Canon Fodder
Iran: Anatomy of a Lie
By Matt Hutaff
Feb 13, 2007

It's a rare thing, witnessing propaganda so over-the-top it beggars the imagination. Most lies have a kernel of truth that give them an air of credibility, but every once in a while something comes along that shakes the cynicism from our jaded eyes. You laugh - and almost feel sad for the drunken hacks who put the story together in the first place. After all, can't they spend five minutes fact-checking their nonsense on Wikipedia?

When I read this week the Pentagon implicated Iran in over 170 American deaths in Iraq, I felt a giddy rush of excitement I hadn't felt since the dog-gassing video of 2002. Finally, pure propaganda! No failed attempts at diplomacy, just half-assed demonization in the form of a captured bomb cache delivered straight from the munitions sweatshops of Tehran.

The image of said mortar rounds provided to the press is an hilarious failure in the art of manufacturing evidence. A low-resolution photo with artifacts and an abundance of glare, it almost dares someone in the United States to jump-start his brain and shout "fake!" Commentary describes the round as one of many confiscated by Iraqi police in mid-January, but the shell itself has even more information to share, like a manufacture date - March, 2006, in case you were wondering. That date means Saddam couldn't have made it, so who else could? Heck, it's like a big, sexy, missile-shaped Budweiser, proudly showing its born-on date on its seductive wrapper.

Isn't it convenient for both the American media and the public that Iran decided to time stamp its illegal weapons shipments in English? Now, when Pentagon officials say Iran armed Shia militias with counterinsurgency weapons capable of crippling Abrahms M1 tanks, we don't have to read some chicken scratch Farsi or watch Al Jazeera for a rebuttal. It's all spelled out, right there, on the weapon itself!

For a godless, soulless, theocratic regime, they sure are considerate!

I know the film-school dropouts who concocted this scenario probably slept through Wag the Dog and thus think their lone image bears no scrutiny. Thus, while they're drag-racing down the halls of the Pentagon and White House on their Mini Scooters, let's examine the inconsistencies you've probably already gleaned for yourself. And remember, our tax dollars paid for this lack of creativity:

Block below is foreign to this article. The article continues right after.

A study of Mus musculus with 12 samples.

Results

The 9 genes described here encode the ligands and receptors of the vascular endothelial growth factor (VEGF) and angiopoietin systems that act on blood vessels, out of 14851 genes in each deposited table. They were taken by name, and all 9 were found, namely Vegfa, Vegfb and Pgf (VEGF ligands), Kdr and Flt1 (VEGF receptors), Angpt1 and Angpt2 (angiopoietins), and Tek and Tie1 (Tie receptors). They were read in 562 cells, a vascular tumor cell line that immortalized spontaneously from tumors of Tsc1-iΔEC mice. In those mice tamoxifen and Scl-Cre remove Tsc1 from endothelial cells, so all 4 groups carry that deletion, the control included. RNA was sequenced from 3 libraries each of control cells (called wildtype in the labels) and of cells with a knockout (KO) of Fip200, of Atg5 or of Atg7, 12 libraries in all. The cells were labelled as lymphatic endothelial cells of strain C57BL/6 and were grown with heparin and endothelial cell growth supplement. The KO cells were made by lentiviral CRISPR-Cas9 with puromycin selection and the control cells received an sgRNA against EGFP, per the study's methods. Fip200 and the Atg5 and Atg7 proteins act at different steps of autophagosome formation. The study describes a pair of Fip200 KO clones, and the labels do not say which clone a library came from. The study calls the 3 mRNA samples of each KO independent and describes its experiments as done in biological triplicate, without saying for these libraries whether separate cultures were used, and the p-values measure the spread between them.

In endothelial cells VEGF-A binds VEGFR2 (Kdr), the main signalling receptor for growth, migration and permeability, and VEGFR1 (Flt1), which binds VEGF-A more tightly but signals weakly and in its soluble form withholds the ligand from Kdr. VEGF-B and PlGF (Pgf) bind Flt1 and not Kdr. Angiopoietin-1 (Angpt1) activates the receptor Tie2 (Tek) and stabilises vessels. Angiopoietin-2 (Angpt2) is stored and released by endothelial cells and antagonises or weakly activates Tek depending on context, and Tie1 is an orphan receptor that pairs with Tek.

1. Iran purchases its arms from Russia. Any writing on shells purchased from their ally to the north would have Cyrillic written on them. And any shells produced locally would have Farsi, not English, denoting blast yield.
  2. Russian mortar rounds are 82mm, not 81mm. So those rounds Iraqi police uncovered? Not big enough to get the job done (performance anxiety, perhaps?).
  3. Iran and Afghanistan don't use the Gregorian calendar. It may be February, 2007, in the United States, but it's 23 Bahman 1385 in Iran. Stamping bombs "3-2006" ignores the fact Iran adopted the Jalaali calendar long ago. It also assumes a Muslim-dominated nation would follow a calendar which sets Jesus Christ as its focal point. Oops - try again!

It's no secret the Bush administration wants to invade Iran, or that it's grasping at straws for a rationale that won't spark civil war in this country. But this level of laziness in pulling evidence from the ether is simply appalling - at least have the decency to make up something that can't be rebutted by anyone knocking two neurons together in his head! The lies about Nigerian yellow cake uranium took months to unfurl and required a retired ambassador traveling to Africa to confirm it was a load of crap. Was Hill & Knowlton not available? People still think Iraqi troops stole incubators from Kuwaiti hospitals, leaving babies to die. That's real propaganda. This lowering of standards is embarrassing.

Almost as embarrassing as the silence from the American people who fail to call the government on these sleazy tactics.